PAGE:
The first year I started taking my writing seriously, I showed my work to everyone who was willing to read it.
This was something I had never done before. I was the writer who closed the notebook/clicked out of the window whenever someone came into the room while I worked. I didn’t want anyone to see my imperfections. I was self-conscious and terrified of being judged harshly.
I’m not sure what made me decide I needed to start sharing my work if I was going to be successful. I have a feeling a teacher, somewhere along the way, encouraged it. (I was blessed with wonderful English teachers — I wouldn’t be surprised.) But at some point, I just started sharing. Family. Friends. Teachers. I never felt good about it — but I knew, deep down, it was important.
And it was. By the end of that first year of writing more, more often, for the sole purpose of getting better, I’d signed up for a creative writing class. I had a handful of friends I could count on to give me honest feedback (how they had time for that, I’m still not sure). But most importantly, I’d lost that crippling sense of fear that had kept me from sharing my writing for the first 13 years of my life.
A lot can happen in a year. Especially when you dedicate yourself to Making Writing Happen.
Not everyone starts writing when they’re young. I think it’s easy for a lot of us to forget that. I don’t care what age you are. If you’ve never taken your writing seriously before, and you’re ready to do that now, a year seems like a long time. A lot of writing. A lot of stepping outside your comfort zone.
Believe me — if 14-year-old me could do it, you can DEFINITELY do it.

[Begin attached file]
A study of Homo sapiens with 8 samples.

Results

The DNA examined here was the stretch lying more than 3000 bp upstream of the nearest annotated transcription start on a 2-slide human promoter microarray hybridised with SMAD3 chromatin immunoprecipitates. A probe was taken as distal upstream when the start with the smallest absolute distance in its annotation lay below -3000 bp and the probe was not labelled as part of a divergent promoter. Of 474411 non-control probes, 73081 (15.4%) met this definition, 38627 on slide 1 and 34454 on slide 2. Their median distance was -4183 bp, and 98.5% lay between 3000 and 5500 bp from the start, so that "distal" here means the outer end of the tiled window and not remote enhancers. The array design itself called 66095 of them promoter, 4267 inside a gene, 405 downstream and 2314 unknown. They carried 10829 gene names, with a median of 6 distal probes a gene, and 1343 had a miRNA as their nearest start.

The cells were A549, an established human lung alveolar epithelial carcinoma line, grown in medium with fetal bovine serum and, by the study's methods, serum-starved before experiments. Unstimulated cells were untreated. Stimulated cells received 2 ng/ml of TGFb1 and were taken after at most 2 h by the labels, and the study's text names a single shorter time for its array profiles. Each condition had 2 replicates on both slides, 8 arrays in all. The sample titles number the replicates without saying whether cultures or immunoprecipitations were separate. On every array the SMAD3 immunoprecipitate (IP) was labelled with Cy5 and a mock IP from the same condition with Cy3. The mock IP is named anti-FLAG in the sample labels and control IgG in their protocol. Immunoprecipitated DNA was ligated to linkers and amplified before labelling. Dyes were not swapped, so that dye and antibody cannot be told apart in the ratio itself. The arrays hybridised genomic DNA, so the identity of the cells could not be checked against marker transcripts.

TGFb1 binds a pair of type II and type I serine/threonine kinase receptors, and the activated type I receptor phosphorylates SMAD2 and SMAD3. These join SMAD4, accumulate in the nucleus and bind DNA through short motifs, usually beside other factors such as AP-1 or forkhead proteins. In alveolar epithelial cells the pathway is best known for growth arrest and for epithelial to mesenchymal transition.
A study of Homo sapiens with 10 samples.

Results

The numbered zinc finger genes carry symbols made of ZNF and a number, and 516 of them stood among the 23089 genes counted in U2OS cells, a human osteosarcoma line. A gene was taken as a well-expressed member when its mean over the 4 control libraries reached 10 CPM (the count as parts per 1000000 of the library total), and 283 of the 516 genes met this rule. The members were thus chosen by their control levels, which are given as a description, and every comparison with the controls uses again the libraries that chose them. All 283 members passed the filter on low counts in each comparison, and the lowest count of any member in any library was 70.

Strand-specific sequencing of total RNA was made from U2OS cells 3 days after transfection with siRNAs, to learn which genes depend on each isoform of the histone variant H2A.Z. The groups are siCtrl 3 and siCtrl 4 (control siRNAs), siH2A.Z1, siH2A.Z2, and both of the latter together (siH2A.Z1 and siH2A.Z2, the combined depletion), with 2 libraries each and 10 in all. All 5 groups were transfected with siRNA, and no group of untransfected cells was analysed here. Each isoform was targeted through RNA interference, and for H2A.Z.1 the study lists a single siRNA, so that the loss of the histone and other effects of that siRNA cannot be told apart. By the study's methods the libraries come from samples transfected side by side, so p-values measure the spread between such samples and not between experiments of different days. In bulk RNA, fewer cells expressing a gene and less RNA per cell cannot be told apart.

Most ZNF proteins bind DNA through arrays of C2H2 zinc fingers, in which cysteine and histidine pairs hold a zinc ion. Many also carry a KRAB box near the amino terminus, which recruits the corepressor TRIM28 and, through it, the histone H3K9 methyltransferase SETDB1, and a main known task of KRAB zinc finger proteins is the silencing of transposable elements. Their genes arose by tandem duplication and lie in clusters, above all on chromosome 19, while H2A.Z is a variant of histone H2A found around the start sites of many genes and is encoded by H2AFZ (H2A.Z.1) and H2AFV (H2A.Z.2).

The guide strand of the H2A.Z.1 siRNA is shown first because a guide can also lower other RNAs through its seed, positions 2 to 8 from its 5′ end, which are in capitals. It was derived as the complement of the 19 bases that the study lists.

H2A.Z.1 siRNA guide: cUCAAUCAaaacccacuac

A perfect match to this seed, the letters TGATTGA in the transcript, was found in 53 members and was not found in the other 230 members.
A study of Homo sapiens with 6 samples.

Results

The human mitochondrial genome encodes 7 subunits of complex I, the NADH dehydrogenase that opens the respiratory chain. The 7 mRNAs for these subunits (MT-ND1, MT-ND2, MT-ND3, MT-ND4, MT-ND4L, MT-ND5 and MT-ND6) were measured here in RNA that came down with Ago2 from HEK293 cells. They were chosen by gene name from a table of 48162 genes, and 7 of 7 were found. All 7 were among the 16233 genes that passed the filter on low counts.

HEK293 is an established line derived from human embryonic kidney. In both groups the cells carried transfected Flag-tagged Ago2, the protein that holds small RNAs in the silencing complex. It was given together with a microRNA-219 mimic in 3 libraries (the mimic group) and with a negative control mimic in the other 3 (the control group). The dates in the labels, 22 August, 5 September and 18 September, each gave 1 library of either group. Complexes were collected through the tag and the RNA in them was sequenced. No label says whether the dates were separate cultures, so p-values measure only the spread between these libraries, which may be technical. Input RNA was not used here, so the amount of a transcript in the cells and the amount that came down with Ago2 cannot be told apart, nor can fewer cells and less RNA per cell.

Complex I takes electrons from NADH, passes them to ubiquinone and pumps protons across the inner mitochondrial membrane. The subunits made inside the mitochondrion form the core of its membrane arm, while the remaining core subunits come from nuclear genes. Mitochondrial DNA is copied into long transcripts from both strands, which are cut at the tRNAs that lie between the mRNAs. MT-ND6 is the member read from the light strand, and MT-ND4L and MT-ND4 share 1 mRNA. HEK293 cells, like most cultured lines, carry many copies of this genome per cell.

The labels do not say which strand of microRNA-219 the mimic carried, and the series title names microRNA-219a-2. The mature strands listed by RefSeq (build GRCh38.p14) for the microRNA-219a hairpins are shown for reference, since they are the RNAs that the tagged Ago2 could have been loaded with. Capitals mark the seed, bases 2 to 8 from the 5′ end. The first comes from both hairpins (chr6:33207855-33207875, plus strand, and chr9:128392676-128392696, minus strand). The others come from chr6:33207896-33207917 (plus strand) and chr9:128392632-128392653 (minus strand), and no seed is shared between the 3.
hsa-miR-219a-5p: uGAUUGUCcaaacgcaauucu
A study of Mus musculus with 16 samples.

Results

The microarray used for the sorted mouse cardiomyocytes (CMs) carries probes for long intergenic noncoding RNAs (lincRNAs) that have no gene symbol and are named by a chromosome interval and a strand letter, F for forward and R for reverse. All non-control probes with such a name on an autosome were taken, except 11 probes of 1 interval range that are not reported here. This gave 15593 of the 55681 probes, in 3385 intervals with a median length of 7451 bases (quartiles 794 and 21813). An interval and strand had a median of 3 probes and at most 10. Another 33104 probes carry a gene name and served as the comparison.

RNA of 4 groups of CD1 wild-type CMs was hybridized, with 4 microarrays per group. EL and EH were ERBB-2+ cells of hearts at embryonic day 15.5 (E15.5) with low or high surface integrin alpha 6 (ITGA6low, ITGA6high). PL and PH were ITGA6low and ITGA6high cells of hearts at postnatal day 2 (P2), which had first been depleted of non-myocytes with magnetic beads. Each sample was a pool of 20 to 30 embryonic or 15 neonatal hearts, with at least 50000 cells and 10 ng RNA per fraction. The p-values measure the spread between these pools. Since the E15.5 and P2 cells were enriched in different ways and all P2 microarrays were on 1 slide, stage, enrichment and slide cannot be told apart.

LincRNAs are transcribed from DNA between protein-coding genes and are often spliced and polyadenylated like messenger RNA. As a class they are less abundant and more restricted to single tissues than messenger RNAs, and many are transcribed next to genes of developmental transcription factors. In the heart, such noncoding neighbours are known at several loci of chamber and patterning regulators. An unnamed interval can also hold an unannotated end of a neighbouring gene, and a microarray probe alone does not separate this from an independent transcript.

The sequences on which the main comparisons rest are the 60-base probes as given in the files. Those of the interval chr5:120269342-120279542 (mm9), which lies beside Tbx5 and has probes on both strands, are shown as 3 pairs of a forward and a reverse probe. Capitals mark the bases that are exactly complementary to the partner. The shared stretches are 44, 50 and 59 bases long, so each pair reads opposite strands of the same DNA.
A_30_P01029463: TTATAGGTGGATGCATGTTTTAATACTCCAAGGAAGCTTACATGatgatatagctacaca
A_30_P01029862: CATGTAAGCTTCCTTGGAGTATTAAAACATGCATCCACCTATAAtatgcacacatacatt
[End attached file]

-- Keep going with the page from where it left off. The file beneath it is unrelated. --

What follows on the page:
At some point in that year, you realize the only way to fail, the easiest way to stay exactly where you are, is to never try. It doesn’t matter if your writing isn’t as good as you want it to be yet. The more you put yourself out there, the longer you stick with it, the more confidence — and skill — you gain.
The biggest change you’ll notice within that first year isn’t even related to your writing itself. It has more to do with how you view yourself, and your work. By default, writing a lot makes you a better writer — there are other factors that play into that, but writing is definitely a hands-on skill set. But you can be a great writer and shudder at the thought of ever letting anyone else into your world.
That’s something you can overcome. If you want to, of course. There are those who choose to write only for themselves and never share. I respect that.
But if you do want to experience the community aspect of writing (the internet can be a wonderful asset for this — even I didn’t have the luxury in elementary/middle school), if you want to build confidence, if you really want to challenge yourself, getting your work out there is scary — but it changes everything.
If I hadn’t taken that leap at 14, I’m not sure I would have joined that creative writing class, submitted my first essay to a magazine, participated in my first NaNoWriMo, started this blog, or self-published my first “book.” It starts small. It builds. Those first very small steps changed my life, and are probably the reason I’ve been fortunate enough to create a career out of writing.
The first year is scary. But really, you have absolutely nothing to lose.
Meg is the creator of Novelty Revisions, dedicated to helping writers put their ideas into words. She is a staff writer with The Cheat Sheet, a freelance editor and writer, and a nine-time NaNoWriMo winner. Follow Meg on Twitter for tweets about writing, food and nerdy things.